New Orleans Still Wants To Celebrate 150th Mardi Gras
Storm winds hammered his 75,000-square-foot warehouse complex on the west bank of the Mississippi River, where his artists build most of the carnival floats each year. Some of Kern's favorite giant figures were damaged. "Dracula lost his clothes. The Mummy lost his robes," he says. In his east bank studio, Kern, 79, says he found "6 feet of water and a dead man. We still don't know who he was."
But Kern, whose family has lived in the Algiers neighborhood for generations, says he quickly began to focus on the importance of the 2006 Mardi Gras -- the 150th anniversary of the pre-Lent bacchanal -- going forward, at least in some form.
"We've got to have this party," Kern says, even as he points to the National Guard troops still handing out food and water from his parking lot. "We've got to show the world that we're down but not out."
Local officials from Mayor Ray Nagin on down agree. Plans are moving forward for a shortened Mardi Gras season that would include six days of parades rather than 11, culminating on Fat Tuesday, Feb. 28.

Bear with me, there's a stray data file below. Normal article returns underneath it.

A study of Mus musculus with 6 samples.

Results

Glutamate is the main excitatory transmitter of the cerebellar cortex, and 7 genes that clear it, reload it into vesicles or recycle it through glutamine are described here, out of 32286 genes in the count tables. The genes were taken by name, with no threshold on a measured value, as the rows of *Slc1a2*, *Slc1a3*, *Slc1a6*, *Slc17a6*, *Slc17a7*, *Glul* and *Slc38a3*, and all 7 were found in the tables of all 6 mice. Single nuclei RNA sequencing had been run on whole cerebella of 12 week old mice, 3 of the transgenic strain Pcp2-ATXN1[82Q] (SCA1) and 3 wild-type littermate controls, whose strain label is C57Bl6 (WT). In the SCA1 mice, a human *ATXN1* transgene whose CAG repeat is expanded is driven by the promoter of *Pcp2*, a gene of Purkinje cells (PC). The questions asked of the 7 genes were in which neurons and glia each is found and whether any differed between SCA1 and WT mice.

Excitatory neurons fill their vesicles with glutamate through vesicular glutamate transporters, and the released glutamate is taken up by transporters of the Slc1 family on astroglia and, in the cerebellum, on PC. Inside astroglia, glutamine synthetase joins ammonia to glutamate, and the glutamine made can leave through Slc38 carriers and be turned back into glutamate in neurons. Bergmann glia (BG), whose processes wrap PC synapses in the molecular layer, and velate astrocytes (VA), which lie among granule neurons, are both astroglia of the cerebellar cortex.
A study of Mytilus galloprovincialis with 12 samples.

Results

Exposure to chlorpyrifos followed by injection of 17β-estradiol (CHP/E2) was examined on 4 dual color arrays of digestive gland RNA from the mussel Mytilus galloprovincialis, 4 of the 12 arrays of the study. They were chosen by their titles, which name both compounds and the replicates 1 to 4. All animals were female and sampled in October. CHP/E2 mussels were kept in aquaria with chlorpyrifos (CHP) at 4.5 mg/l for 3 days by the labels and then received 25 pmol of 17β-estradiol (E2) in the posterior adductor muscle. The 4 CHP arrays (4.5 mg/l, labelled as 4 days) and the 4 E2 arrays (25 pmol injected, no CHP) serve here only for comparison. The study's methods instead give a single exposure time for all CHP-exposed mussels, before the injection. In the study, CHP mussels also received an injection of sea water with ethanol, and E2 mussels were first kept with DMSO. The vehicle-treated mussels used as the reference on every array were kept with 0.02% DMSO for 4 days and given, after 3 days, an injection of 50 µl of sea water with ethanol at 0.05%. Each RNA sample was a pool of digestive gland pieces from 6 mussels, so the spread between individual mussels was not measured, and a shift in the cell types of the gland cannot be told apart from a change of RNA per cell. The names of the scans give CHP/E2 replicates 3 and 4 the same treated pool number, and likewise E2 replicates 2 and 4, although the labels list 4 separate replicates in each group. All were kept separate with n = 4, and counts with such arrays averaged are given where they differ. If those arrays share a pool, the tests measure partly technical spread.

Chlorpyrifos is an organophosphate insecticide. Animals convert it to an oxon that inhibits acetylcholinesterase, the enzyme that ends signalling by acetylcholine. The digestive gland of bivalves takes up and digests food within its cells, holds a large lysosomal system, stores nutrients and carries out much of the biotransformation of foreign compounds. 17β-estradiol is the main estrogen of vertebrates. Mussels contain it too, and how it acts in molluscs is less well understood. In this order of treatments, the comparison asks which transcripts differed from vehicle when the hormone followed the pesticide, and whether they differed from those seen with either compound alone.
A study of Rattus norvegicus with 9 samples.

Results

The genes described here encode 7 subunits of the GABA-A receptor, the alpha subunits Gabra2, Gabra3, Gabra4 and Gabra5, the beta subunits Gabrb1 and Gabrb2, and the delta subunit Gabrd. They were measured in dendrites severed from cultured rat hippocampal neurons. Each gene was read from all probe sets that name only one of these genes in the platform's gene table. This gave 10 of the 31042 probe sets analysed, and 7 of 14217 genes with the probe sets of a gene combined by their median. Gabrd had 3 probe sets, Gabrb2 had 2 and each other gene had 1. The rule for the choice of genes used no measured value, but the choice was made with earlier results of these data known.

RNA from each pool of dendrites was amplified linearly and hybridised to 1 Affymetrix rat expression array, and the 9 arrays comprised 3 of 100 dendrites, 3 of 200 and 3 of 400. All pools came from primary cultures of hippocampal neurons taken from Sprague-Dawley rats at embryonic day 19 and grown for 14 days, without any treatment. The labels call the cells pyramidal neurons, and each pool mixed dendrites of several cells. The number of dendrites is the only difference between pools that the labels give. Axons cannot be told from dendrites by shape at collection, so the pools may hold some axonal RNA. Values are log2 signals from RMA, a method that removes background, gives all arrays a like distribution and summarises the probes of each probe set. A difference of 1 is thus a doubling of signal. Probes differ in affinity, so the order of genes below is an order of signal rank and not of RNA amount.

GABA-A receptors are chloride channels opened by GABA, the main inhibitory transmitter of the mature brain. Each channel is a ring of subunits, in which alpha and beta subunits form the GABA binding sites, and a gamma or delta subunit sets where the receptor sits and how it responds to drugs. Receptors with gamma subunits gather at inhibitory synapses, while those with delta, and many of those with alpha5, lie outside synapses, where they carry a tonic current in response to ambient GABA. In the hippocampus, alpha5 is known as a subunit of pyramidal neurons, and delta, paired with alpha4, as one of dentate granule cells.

Nagin will meet with his carnival advisory committee today to decide on the Mardi Gras schedule. The last carnival to be canceled was during the Korean War in the early 1950s.
'This is about business'
The major reason for pushing ahead with Mardi Gras despite the devastation Katrina brought to New Orleans is that it normally is a $1 billion-a-year enterprise -- and right now, this battered city has little besides tourism to look to for revenue. "This isn't about fun. This is about business," Lt. Gov. Mitch Landrieu says. "We're in the business of producing cultural events, and that business produces tremendous economic impact and provides jobs."
City studies have found Mardi Gras produces $900 million in annual spending and nearly $50 million in direct tax benefits. The emotional lift of a successful Mardi Gras could be just as important for the demoralized city.